Serum uric acid lowering might help prevent kidney disease in children with type 2 diabetes mellitus, according to a 7-year investigation of 539 children.

Every 1-mg/dL climb in baseline serum uric acid increased the risk of subsequent elevated urine albumin excretion 1.23 fold, after adjustment for potential confounders (P = .02).

The finding adds to growing evidence that serum uric acid (SUA) isn’t just a marker of diabetic kidney disease, but a contributor to it. “There is definitely” cross-talk between gout and diabetes, said lead investigator Petter Bjornstad, MD, assistant professor of pediatric endocrinology at the University of Colorado, Aurora.

Elevated SUA is common in both conditions and a risk factor for kidney disease. Newer studies have linked higher levels to nephron number decline and other pathologies, perhaps through renal inflammation. Allopurinol, the traditional uric acid lowering agent in gout, is already under investigation to prevent kidney decline in adults with type 1 diabetes mellitus. There’s also evidence that the potent uric acid lowering agent, febuxostat (Uloric), attenuates hypofiltration in early diabetic kidney disease.

Dr. Petter Bjornstad, pediatric endocrinology, University of Colorado, Aurora M. Alexander Otto/MDedge News

Dr. Petter Bjornstad

Dr. Bjornstad said a trial of SUA lowering is probably justified now in children with diabetes. It might also reduce the incidence of hypertension, since his team found that every 1-mg/dL jump in baseline SUA increased the risk hypertension 1.2-fold (P = .007). SUA lowering, however, couldn’t be too aggressive in children because some level of uric acid is needed for cognitive development, he said at the annual scientific sessions of the American Diabetes Association.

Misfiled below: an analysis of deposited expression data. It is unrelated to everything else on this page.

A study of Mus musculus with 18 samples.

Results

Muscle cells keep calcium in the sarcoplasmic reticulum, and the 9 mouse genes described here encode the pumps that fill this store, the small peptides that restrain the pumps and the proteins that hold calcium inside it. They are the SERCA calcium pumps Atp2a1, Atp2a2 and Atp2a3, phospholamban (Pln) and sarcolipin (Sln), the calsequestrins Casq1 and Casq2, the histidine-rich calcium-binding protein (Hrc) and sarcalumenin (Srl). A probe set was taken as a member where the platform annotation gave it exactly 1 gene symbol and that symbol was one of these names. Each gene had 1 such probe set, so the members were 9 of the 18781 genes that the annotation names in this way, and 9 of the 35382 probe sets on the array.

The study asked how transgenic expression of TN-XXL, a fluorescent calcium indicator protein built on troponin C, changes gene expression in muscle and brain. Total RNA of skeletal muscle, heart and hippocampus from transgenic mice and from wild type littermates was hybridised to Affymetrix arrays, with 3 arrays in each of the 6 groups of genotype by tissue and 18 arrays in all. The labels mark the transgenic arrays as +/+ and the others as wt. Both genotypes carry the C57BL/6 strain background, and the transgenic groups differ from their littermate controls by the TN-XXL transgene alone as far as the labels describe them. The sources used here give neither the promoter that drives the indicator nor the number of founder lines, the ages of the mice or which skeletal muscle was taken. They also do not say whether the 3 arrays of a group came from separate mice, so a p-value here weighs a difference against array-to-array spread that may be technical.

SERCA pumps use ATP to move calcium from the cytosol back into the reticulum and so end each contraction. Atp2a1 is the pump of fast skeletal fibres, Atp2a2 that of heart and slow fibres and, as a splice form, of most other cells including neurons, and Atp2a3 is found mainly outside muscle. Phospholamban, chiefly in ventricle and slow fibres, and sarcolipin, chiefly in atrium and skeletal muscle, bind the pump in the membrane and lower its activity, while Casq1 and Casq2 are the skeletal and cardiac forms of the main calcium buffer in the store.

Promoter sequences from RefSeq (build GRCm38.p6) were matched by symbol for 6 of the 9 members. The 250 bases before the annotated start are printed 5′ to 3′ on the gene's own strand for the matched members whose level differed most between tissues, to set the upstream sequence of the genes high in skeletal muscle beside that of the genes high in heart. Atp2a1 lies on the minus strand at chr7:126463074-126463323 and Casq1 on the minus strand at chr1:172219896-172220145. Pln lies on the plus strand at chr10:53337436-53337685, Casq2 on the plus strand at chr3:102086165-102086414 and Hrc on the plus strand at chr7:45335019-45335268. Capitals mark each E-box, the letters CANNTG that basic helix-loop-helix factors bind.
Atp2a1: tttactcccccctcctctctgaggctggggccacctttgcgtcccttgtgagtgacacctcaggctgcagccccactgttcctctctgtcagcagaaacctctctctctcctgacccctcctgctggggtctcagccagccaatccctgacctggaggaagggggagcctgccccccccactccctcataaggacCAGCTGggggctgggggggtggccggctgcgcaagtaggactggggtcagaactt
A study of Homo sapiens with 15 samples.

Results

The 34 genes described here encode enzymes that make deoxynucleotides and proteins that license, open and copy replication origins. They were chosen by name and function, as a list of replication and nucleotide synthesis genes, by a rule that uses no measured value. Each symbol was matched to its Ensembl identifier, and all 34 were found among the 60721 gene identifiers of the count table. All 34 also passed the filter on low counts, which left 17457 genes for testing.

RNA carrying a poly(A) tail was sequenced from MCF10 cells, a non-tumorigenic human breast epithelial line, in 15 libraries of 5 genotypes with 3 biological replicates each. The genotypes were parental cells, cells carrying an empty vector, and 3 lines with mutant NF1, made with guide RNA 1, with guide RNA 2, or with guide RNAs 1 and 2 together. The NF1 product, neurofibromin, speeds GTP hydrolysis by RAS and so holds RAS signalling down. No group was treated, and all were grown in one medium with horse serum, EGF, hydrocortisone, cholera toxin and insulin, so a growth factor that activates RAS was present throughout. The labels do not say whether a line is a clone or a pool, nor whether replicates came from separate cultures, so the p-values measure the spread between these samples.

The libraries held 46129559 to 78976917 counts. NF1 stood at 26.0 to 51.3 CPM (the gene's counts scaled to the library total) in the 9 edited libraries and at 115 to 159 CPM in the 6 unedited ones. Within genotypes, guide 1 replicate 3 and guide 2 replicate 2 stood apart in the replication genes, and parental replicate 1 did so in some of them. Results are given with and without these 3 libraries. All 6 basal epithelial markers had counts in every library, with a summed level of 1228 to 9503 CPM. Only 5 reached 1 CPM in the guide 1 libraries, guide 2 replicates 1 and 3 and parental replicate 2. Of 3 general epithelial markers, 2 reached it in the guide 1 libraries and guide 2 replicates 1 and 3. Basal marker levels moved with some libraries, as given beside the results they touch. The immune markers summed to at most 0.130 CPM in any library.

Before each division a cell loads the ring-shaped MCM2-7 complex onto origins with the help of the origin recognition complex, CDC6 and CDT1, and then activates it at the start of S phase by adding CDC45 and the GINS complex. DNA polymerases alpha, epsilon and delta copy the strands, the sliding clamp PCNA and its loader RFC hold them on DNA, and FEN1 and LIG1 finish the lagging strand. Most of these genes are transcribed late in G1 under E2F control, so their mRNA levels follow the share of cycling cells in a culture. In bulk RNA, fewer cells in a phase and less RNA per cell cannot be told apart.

The 539 children, all part of the Treatment Options for Type 2 Diabetes in Adolescents and Youth (TODAY) trial, were assessed annually over a mean of 5.7 years. At baseline, they were 13.9 years old and had T2DM for 7.9 months, on average. The mean body mass index was 34.6 kg/m2, mean hemoglobin A1c was 6%.

Almost 20% of the children were hypertensive at baseline (130/80 mm Hg or higher); 26% were hyperuricemic (6.8 mg/dL or higher); and 6.1% had elevated urine albumin excretion (urine albumin creatinine ratio of at least 30 mg/g), a marker of renal pathology. At the end of follow-up, 18% had elevated albumin excretion and 37.4% were hypertensive.

“Hyperuricemia was common in youth with type 2 diabetes,” just as it’s been shown in adults with the disease. “Higher baseline SUA independently increase[s] risk for onset of hypertension and elevated urine albumin excretion,” Dr. Bjornstad said.

However, the association between SUA and elevated albumin excretion was statistically significant only in boys – 36% of the study population – and non-Hispanic whites, 20% of the subjects, after adjustment for BMI, hemoglobin A1c, estimated glomerular filtration rate, and use of ACE inhibitors and angiotensin II receptor blockers.

The National Institutes of Health funded the work. Dr. Bjornstad is a consultant for Boehringer Ingelheim.

SOURCE: Bjornstad P et al. ADA 2018, abstract 339-OR.